The not-so-protective husband

by Katie on October 14, 2010

We started the last irrigation on our “fall” sunflowers yesterday.

[I say “fall” because technically, that’s what the calendar says. It’s just not what our temperature gauges are reading.]

We’ve had bees out there pollinating the flowers for a few weeks, and they’ve been quite friendly. They haven’t really been in the way, and we’ve done our best to stay out of theirs.

They’ve been a little low on water this week, though, until it started coming down the ditch last night.

I guess bees get a little angry when they’re thirsty (kind of like me when I’m hungry).

While we were setting up, I was just driving while Brandon got out every 20 rows or so to drop a check in the ditch. On the last one, he came back with a bee stinger in his head, and informing me they were really out to get us.

I didn’t have a cap along, so he instructed me to use a shirt from his dirty laundry (which happened to be riding in the truck with us) to wrap around my head like some sort of turban. At first, I thought this was quite silly, but I ended up being thankful I followed his instructions when I got knocked in the head by an angry bee later (this is known as their “warning” sign, letting you know you have invaded their territory).

Oh, and his other bit of instruction before he left me?

“If you get stung more than once, get back in the truck.”

More than once? As in after I’m stung twice, I can quit? I don’t want to be stung at all!”

He got wrapped up in something else he was saying (probably the whole turban wrap thing), and right before he reached for the door handle, he said, “And remember, if you get stung more than twice, get in the truck.”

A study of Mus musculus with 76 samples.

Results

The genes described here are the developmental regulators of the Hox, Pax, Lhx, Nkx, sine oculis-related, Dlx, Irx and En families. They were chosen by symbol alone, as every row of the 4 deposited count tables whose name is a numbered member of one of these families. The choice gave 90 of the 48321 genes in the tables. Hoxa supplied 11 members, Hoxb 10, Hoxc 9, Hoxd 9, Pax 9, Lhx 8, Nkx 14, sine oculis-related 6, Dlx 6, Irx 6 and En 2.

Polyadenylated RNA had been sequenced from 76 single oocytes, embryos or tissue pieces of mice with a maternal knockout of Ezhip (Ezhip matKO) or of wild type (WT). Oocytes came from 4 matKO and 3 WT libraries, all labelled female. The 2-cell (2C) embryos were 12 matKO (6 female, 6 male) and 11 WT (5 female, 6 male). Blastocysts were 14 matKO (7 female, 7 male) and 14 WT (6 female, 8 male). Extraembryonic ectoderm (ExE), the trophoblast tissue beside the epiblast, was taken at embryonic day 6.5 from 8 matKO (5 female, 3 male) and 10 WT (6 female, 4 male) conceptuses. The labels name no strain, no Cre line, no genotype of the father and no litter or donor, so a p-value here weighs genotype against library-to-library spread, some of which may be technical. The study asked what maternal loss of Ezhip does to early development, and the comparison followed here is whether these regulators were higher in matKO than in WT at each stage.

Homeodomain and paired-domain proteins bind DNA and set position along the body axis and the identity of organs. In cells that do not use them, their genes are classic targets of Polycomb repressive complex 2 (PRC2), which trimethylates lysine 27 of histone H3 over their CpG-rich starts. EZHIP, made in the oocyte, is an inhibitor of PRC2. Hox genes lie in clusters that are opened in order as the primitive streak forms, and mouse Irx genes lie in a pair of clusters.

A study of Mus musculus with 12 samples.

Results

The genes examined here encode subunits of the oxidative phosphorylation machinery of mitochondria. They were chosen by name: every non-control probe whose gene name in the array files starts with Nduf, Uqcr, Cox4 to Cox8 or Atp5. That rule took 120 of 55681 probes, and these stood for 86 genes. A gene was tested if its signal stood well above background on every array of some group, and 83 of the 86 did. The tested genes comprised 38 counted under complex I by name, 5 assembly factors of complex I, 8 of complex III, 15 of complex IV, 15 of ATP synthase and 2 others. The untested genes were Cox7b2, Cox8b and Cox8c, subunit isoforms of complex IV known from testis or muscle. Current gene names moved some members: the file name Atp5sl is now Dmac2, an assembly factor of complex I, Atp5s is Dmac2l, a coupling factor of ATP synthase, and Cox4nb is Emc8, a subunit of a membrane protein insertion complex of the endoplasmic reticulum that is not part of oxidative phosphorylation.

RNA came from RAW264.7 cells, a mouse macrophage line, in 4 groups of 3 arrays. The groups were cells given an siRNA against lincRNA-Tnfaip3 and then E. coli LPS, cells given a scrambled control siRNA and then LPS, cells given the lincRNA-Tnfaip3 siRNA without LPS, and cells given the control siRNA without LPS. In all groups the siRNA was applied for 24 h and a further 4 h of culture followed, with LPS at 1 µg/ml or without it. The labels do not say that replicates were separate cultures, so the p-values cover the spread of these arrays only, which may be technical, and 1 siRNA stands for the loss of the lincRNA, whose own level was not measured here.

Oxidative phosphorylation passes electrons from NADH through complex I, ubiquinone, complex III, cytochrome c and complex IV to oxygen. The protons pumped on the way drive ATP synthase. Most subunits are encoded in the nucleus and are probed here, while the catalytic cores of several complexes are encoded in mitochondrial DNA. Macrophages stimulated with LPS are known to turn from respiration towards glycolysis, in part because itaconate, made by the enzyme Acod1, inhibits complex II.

“It’s more than twice now? I thought you said more than once! No way am I getting stung three times.”

“Well I’ve already been stung once. You can handle it.”

Apparently he forgot everything he told my dad about loving and protecting me. Emphasis on the protecting.

So, we split up and each us began starting irrigation pipes on different parts of the field. On my second set, Brandon calls. He was in the process of running from a swarm of bees, with three fresh stings. All on his face.

And although he would have you believe otherwise, it really wasn’t as bad as it sounds. From what he first told me, I was expecting his face to be swollen into the shape of honeydew melon and halfway planning a trip to the Urgent Care across the street. Neither of those things happened.

We did, however, leave our water about half-done and plan to get it all straightened out before daylight this morning, in hopes bees are happier, or at least less active, before the sun comes up.

By the way, I escaped sting-free. And started more pipes.